In Short

Published: Saturday 15 November 2003

unearthed: Thought to be extinct, the lizard Barkudia insularis has been sighted in Orissa's Chilika lagoon after more than 85 years. Ajit Kumar Patnaik, chief executive officer of the Chilika Development Authority revealed that the limbless skink was rediscovered by a team checking out soil conditions for a threatened mangrove species on the island. The skink was first found by Stanley Kemp, then director of Zoological Survey of India, and N Anandale in 1917. It looks like a giant earthworm, is about 22 centimetres long and preys on termites and beetle larvae.

not potable: Most of the drinking water in Pakistan is "grossly contaminated" and the situation is deteriorating every year, noted the United Nations Children's Fund (UNICEF) in a recent report. UNICEF has suggested that policies on drinking water, including national water quality standards, be formulated in the country. The agency plans to assist the government in providing schools with safe waterand latrines in some districts. It is estimated that over 200,000 children in Pakistan die every year due to diarrhoeal diseases alone. These, in turn, stem from unsafe drinking water and poor hygienic conditions.

launching pad: A plan is afoot to float a new company to build and operate India's first experimental nuclear plant based on the controversial fast-breeder reactor technology. While the reactor is sited at Kalpakkam, the firm will be based in Chennai (both in Tamil Nadu). The Union government will spend taxpayers' money to pick up 80 per cent equity -- 75 per cent directly and 5 per cent through the state-owned Nuclear Power Corporation Limited -- in the entity. The remaining 20 per cent will be raised through public bonds, according to Placid Rodriguez, ex-director of the Indira Gandhi Centre for Atomic Research.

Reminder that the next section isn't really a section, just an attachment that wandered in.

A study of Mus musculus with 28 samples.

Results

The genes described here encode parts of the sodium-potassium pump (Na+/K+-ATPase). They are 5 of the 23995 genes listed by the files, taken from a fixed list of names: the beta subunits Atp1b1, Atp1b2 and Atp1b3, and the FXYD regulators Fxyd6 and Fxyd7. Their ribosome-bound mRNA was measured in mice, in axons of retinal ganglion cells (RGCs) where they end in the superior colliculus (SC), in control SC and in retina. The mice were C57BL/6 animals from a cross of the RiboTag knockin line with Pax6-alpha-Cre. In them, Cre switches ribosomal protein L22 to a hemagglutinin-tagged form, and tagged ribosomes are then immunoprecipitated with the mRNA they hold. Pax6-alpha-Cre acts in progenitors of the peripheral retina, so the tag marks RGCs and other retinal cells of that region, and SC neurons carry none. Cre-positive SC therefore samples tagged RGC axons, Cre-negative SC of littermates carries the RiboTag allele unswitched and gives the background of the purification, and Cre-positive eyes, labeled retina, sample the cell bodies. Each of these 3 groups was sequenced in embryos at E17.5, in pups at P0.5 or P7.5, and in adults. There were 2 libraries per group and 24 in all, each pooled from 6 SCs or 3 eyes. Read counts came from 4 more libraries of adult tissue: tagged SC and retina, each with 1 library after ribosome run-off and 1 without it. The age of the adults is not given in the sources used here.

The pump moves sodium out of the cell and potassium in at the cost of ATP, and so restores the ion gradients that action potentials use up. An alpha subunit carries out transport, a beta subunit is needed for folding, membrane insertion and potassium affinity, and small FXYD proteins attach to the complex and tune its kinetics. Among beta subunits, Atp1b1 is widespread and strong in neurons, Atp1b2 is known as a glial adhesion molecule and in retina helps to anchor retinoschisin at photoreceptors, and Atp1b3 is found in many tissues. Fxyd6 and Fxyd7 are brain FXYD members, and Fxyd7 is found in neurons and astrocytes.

phase-out plan: Taking cognisance of the high level of air pollution caused by two-stroke three-wheelers in Kathmandu valley, the Nepal government has decided to ban all such vehicles within 10 months. As many as 24,000 three-wheelers would be affected by the move. These vehicles can, however, be re-registered outside the valley, in places other than Pokhara and a few pockets of Lumbini. As per a compensation package, three-wheeler owners can also re-register a four-stroke vehicle in place of a phased-out one or a minibus in place of three such vehicles inside Kathmandu.